Running an organization with your own investment is difficult. Running a Non-Profit organization when you are dependent on donations is even more difficult. This interview is published on June 4th, 2012, with Sherri Lewis Wood, just goes on to reinforce the conviction behind a cause that one believes in and can manage single-handedly, even when the odds are stacked against you at times. The importance of having strategic partners in running a Non-Profit Organization is enormous. Have are read through!
Bruce Burtch is a nationally-recognized cross-sector partnership and cause marketing expert. Bruce helps for-profit and nonprofit organizations develop win-win partnerships which maximize their strategic marketing and fund development success. Bruce has served as public affairs manager with Marriott Corporation, public relations director of the United States Olympic Committee and director of marketing of the American Red Cross Bay Area. Additionally, he has founded three successful for-profit companies and two nonprofit organizations.
His series, Profiles in Partnership, provides best practices and sound advice for developing and maintaining successful partnerships between nonprofit and for-profit organizations. We (Acteva) felt this series held important insights for both nonprofit and for-profit organizations from which they would benefit before developing partnerships or creating nonprofit fundraising events. You can check out his full blog here: http://burtch.wordpress.com/ To read the whole three-part blog please click on the link below.
With summer upon us it might seem incongruous to be publishing a blog series from my interview with the founder of One Warm Coat, the phenomenally successful winter coat drive. However, what better season to find some precious time with Sherri Lewis Wood, President and National Founder?
One Warm Coat was founded in 1992 and has been managed ever since that time out of the bedroom of Sherri’s San Francisco home. Only last year did she hire her first full-time employee, which is nothing short of miraculous for an organization that collected over 800,000 coats last year and expecting over one million coats in 2012. On many levels Sherri is my hero: she has taken a simple concept, has engaged every imaginable type and size organization to support her cause, scaled it nationally, all while keeping a clear focus on the core emotional impact of giving a warm coat to someone in need of a warm coat.
BB: Developing partnerships with the for-profit/retail industry and with media has greatly increased the success of One Warm Coat. Can you provide an example of such a partnership?
SLW: Right now we have two coat retailers who are working with us. Burlington Coat Factory has been a partner of ours for five years. They have collected gently used coats plus they began a point of sale campaign at their stores last July asking customers if they wanted to donate to purchase new coats, and in the month of July alone $130,000 was contributed to buy new coats that will be purchased at Burlington’s cost with no overhead. They’ll start it again in November and December. Our other retail partner, Aeropostale, has given us 100,000 new coats – they have 700 stores. Last year Aeropostale came to us and said we want to create a signature event for our younger stores, called PS from Aeropostale. The nonprofit event campaign is called One Warm Kid because one in five kids in our country live in poverty.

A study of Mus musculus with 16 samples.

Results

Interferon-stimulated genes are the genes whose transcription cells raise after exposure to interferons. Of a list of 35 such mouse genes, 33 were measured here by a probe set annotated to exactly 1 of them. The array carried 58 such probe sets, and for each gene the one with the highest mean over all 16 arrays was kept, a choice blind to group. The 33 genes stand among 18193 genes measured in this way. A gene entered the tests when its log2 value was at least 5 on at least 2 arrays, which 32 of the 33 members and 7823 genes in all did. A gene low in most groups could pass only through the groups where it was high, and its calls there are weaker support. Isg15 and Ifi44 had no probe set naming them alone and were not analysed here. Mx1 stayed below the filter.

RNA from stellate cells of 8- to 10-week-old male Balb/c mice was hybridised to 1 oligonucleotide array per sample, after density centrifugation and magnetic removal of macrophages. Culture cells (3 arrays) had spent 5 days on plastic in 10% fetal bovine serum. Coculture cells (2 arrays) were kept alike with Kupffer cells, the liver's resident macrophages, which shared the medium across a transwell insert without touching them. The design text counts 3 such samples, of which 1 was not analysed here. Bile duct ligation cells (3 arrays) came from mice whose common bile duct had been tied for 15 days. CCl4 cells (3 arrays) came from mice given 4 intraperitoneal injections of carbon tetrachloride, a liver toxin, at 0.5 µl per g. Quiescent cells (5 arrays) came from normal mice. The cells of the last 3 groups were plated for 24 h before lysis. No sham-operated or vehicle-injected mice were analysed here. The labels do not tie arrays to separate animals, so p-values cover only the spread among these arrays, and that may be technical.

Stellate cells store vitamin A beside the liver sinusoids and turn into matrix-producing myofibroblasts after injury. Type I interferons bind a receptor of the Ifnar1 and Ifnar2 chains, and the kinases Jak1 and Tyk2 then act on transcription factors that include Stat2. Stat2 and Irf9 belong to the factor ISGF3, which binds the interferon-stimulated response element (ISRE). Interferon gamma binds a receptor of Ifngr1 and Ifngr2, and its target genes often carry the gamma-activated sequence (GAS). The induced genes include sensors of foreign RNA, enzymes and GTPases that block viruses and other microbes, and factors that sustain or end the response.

BB: How do you manage your brand and with so many and diverse organizations?
SLW: They tell us their dates, their plans, where the coats are going to go, what agency they selected and we make sure that they meet our criteria before they do a coat drive. Then we provide a free marketing kit to each one of our coat drives which gives them all the necessary marketing materials, such as a banner, flyers, One Warm Coat logos, suggestions on how to do a successful coat drive, and more. We will also suggest a local agency to receive the donated coats if they don’t already have one. We encourage people do “do their thing” and each coat drive is unique.
BB: Besides sponsorships, funding and in-kind donations, how else are you getting support from the corporate community?
SLW: We’re seeing more and more employee involvement. Our sponsors are getting behind the promotions with their employee base. There is communication, education and excitement at the employee level. Employees are going out and asking their neighbors and their family and friends, collecting coats and bringing them. That’s when we see something exciting – when the employees understand that they’re part of this campaign.
BB: Can you provide an example of a corporate coat drive versus a sponsorship?
SLW: We had a national employment agency based in New York hold coat drives in 16 offices across the country. We worked with Delta Airlines these last 3 years, they have 400 airport locations, and 45 of their locations created a One Warm Coat drive the first year, last year we had almost a double. They can’t wait to do it this year -they’re charged.